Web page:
Thursday, August 14, 2008

A Show of Intent

Giddul bar Re’ilai (Daf Yomi: Gittin 34a) sent a get to his wife. The agent went and found her sitting and weaving. He said to her, “Here is your get.” She said to him, “Go away now and come again tomorrow.” The agent returned to Giddul and told him what happened. Giddul exclaimed, “Blessed be He Who is good and does good!”

Abaye said: Blessed be He Who is good and does good, but the get itself is not cancelled. Rava, however, said: Blessed be He Who is good and does good, and the get is cancelled.

The Gemora explains the point at issue between them. It is the revealing of intention in respect of a get. Abaye holds that the revealing of intention (without verbalizing it) in respect of a get makes no difference (and therefore, the get is still valid). Rava maintains that it does make a difference.

The Tosfos R”id explains that the dispute is based upon the following: Do we consider his show of intention as merely “words of the heart” (thoughts), and therefore, it would not be regarded as words? Or perhaps, his display of intent is more than merely a thought, but rather, it is regarded as if he spoke it out!

Accordingly, he adds that if it would be clear beyond a shadow of a doubt as to what his intent was, even Abaye would concede that the get is void, for throughout halachah, we always say that when someone’s thoughts are clear to everyone, it is not regarded as thoughts, but rather as words. Our Gemora is discussing a case where it is not so clear as to what he was thinking, and therefore, Abaye and Rava disagree.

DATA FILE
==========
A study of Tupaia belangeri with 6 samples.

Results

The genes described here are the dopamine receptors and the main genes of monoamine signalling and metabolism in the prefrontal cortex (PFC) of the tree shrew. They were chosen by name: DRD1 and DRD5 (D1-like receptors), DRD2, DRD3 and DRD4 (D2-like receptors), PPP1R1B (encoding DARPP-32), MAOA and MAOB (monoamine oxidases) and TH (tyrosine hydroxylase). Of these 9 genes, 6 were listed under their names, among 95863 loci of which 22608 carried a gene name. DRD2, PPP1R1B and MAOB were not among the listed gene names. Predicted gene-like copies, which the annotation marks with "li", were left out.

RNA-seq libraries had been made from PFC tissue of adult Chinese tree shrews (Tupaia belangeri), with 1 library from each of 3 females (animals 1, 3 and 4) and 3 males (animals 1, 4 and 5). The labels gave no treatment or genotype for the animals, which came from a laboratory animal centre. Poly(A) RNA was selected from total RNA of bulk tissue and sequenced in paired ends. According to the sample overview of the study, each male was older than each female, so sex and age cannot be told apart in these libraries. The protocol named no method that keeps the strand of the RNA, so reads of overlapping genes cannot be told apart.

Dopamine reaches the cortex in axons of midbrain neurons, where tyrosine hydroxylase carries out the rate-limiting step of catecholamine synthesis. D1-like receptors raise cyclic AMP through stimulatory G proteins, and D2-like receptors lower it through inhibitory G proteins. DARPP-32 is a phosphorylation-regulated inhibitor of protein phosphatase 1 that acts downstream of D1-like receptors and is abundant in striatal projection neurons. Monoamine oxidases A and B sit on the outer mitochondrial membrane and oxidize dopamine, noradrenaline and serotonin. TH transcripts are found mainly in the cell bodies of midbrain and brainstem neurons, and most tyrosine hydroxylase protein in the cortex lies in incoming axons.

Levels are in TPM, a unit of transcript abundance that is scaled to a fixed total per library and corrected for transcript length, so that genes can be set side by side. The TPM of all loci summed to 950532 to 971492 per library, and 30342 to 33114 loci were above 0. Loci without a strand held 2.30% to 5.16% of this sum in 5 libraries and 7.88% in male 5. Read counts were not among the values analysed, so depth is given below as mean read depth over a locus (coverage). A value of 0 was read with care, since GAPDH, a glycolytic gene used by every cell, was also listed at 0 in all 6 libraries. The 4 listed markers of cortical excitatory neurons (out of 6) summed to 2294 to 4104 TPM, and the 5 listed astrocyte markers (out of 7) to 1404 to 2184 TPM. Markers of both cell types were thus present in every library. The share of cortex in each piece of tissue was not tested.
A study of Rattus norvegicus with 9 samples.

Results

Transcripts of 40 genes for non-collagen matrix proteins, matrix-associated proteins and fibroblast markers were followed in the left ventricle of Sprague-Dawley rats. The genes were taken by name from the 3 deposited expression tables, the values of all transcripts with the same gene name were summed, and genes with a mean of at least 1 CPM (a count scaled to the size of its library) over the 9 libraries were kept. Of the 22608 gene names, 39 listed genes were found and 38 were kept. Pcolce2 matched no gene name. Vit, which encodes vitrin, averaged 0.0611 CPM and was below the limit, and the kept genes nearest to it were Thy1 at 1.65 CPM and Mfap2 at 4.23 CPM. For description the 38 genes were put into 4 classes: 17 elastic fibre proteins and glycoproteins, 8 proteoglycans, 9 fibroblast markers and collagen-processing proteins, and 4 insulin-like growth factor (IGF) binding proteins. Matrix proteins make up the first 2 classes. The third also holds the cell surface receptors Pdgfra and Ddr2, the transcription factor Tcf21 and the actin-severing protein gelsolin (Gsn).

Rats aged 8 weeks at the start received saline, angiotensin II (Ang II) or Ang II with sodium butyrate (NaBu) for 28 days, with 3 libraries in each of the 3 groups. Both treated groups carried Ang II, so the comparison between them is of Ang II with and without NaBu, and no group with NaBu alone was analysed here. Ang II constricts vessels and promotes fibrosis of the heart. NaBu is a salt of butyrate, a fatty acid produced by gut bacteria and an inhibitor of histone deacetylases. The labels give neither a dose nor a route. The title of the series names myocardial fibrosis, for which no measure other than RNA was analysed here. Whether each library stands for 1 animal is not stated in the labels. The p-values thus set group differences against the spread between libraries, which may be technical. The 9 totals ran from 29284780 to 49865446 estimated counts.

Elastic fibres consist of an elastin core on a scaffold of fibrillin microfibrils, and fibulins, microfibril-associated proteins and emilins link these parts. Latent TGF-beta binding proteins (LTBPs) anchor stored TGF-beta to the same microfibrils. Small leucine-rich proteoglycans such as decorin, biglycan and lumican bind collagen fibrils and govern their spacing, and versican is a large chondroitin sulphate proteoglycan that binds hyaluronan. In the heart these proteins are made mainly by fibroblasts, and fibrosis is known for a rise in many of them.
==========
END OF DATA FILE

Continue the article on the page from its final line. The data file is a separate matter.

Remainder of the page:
The Chasam Sofer understood the Gemora differently. He explains that even in our Gemora, it is definitely clear as to what the husband is thinking. He wants to cancel the get. Nonetheless, Abaye holds that it still remains only a thought, and to rescind his verbal instruction from before, it is necessary to verbalize it. Thoughts, even thoughts that are clear to everyone, are not sufficient to cancel his previous order.